Benjamin Retik
Jun 09, 2021

Guidehouse Insights

Electric tractors present an opportunity for growth for both new and established tractor manufacturers. In recent years, a handful of new companies have entered the tractor market with the goal of producing a commercially viable, widely available, all-electric tractor. That goal might soon be realized.

Electric Tractor Manufacturers Bring Products to Market

In 2015, Solectrac, a California-based company focused on producing battery-powered electric tractors, claimed to have introduced the first commercially available electric tractor in the US. In February 2021, Solectrac launched a reservation program for its all-electric tractors requiring only a $1,000 deposit—a significant step toward making all-electric tractors widely available in the US.

In April 2021, Monarch, another company offering an all-electric, automated tractor, completed the first deployment of its flagship tractor at a vineyard in California. The initial markets for these tractors are vineyards and fruit and nut orchards where the work is not as machine labor-intensive and automated, compact tractors are more useful. Monarch announced this deployment as the first of 15 pilot deployments before production deliveries begin in 4Q 2021.

Solectrac and Monarch both entered the market with a specific focus on electric tractors, but investment in electric tractors has also attracted interest from established tractor manufacturers. Over the past few years, John Deere has announced the development of both automated and semi-automated, fully electric tractors. John Deere’s automated tractor, the Joker, is a compact electric-drive tractor with a total output of 500 kW. The Joker is currently only a concept, but John Deere’s investment in EV R&D indicates the company’s belief that widespread adoption of electric tractors might not be far away.

The Benefit (and Cost) of Electrifying Tractors

The environmental benefit of electrifying tractors is, and will likely remain, the driving force behind electric tractor adoption. Switching from a diesel tractor to an electric tractor has the primary benefit of eliminating vehicle emissions and the need for engine and gear oil. But beyond their environmental benefit, electric tractors are more energy efficient, have less wear, and have lower operating and maintenance costs than diesel models.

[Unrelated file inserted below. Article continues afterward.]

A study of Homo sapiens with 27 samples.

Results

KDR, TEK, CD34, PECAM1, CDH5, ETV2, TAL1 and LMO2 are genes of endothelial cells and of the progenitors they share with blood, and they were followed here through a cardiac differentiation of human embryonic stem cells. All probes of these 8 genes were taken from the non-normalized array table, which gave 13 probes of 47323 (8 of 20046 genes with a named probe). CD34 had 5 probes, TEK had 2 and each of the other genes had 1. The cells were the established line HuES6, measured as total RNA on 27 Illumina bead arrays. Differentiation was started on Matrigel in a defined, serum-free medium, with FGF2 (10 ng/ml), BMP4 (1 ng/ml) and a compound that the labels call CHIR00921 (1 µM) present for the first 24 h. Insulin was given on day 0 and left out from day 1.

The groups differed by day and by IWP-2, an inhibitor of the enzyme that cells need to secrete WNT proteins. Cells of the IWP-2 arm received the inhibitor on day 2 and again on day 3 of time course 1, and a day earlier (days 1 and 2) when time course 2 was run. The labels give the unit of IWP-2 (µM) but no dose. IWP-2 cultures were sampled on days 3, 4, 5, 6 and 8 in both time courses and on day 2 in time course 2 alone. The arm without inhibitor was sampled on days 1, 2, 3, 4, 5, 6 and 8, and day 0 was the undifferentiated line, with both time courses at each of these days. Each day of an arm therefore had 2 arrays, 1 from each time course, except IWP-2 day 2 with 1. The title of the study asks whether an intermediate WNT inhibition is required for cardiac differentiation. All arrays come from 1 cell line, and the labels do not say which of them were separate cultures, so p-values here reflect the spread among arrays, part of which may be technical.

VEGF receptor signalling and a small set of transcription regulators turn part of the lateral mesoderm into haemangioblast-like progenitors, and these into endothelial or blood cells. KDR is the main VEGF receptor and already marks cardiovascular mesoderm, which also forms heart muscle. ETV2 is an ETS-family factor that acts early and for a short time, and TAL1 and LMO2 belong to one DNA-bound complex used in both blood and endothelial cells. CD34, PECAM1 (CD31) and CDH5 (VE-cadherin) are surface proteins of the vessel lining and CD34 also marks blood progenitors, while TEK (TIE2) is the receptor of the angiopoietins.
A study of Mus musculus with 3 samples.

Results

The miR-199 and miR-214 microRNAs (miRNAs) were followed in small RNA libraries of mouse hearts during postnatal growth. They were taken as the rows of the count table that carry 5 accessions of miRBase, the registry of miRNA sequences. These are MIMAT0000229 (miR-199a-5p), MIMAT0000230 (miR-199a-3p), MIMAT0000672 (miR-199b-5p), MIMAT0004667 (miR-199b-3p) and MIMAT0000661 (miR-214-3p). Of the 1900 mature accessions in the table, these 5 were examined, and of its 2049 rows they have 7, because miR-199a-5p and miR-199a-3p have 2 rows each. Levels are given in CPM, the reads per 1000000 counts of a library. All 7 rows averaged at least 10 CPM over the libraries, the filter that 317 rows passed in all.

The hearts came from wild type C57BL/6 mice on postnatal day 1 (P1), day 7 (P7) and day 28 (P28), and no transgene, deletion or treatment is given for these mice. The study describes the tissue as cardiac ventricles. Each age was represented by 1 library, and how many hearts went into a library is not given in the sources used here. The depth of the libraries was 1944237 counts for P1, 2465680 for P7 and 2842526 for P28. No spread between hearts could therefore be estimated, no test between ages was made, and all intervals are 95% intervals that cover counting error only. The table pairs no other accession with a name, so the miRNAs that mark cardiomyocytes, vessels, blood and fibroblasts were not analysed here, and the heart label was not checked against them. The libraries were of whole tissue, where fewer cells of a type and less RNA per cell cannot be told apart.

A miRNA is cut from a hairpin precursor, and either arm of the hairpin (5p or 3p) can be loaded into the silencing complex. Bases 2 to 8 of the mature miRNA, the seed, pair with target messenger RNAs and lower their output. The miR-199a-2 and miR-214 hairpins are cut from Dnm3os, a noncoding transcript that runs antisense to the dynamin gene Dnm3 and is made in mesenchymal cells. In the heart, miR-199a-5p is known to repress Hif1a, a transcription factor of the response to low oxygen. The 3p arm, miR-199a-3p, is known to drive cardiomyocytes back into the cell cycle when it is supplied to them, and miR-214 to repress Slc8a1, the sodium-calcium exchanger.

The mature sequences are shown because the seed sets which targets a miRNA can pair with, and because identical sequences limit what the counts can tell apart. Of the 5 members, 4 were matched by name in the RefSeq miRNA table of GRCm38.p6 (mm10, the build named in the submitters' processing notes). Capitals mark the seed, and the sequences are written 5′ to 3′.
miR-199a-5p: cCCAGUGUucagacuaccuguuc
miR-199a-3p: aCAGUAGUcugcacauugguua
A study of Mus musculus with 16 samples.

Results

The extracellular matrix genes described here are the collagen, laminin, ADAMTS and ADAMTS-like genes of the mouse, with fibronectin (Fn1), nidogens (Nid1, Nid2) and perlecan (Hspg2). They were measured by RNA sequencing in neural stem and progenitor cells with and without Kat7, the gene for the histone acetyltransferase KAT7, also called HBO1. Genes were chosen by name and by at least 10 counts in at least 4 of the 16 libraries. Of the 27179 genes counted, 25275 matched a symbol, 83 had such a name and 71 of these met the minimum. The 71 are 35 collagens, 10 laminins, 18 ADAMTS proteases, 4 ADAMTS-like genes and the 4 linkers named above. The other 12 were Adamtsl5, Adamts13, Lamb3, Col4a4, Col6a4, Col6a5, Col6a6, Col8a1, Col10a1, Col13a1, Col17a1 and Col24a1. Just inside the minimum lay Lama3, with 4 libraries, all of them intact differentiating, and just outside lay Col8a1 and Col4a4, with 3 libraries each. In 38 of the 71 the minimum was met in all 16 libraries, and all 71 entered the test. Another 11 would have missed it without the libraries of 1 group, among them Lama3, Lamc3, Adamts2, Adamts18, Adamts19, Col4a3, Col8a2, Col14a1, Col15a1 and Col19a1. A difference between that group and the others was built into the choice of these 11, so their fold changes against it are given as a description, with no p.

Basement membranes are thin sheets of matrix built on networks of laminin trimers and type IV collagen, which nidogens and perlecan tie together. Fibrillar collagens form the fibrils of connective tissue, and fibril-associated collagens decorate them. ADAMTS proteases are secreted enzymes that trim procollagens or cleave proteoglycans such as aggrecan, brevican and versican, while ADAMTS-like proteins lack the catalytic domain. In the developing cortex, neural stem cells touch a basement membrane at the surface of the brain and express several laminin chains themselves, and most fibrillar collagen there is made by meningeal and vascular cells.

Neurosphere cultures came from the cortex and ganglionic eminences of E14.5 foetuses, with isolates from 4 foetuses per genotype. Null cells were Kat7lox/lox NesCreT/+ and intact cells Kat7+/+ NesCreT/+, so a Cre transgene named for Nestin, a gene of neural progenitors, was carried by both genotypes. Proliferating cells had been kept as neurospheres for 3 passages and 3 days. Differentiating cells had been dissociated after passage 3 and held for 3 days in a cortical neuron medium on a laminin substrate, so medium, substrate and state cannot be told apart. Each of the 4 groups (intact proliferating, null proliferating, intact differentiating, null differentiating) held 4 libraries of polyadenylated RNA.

Although electric tractors have numerous benefits, a significant barrier to adoption is the high cost of electric models—in most cases, electric models are significantly more expensive than diesel models. And although electric tractors have proven to be capable farming machines, their low energy density compared with diesel models means that they require more frequent refueling. A diesel tractor can generally run for 10-12 hours before needing to refuel, whereas an electric model can run only 3-6 hours. This problem can be partially solved by using a replaceable battery pack that can be quickly swapped out, but the need to swap batteries still presents an inconvenience. 

It will likely be a few more years before electric tractors begin to make real inroads in the market, but companies such as Monarch and Solectrac have shown that producing a commercially available, all-electric tractor is possible. Further investment in R&D over the coming years is likely to speed adoption of all-electric models by further driving down costs and increasing performance. Although the electrification of tractors might take some time, elsewhere on the farm, Internet of Things (IoT) solutions are already helping farmers to improve operations, production, and efficiency. To learn more about IoT solutions for farming and agriculture, check out Guidehouse Insights’ recent report looking at sensors, drones, data analytics, and connectivity in agriculture.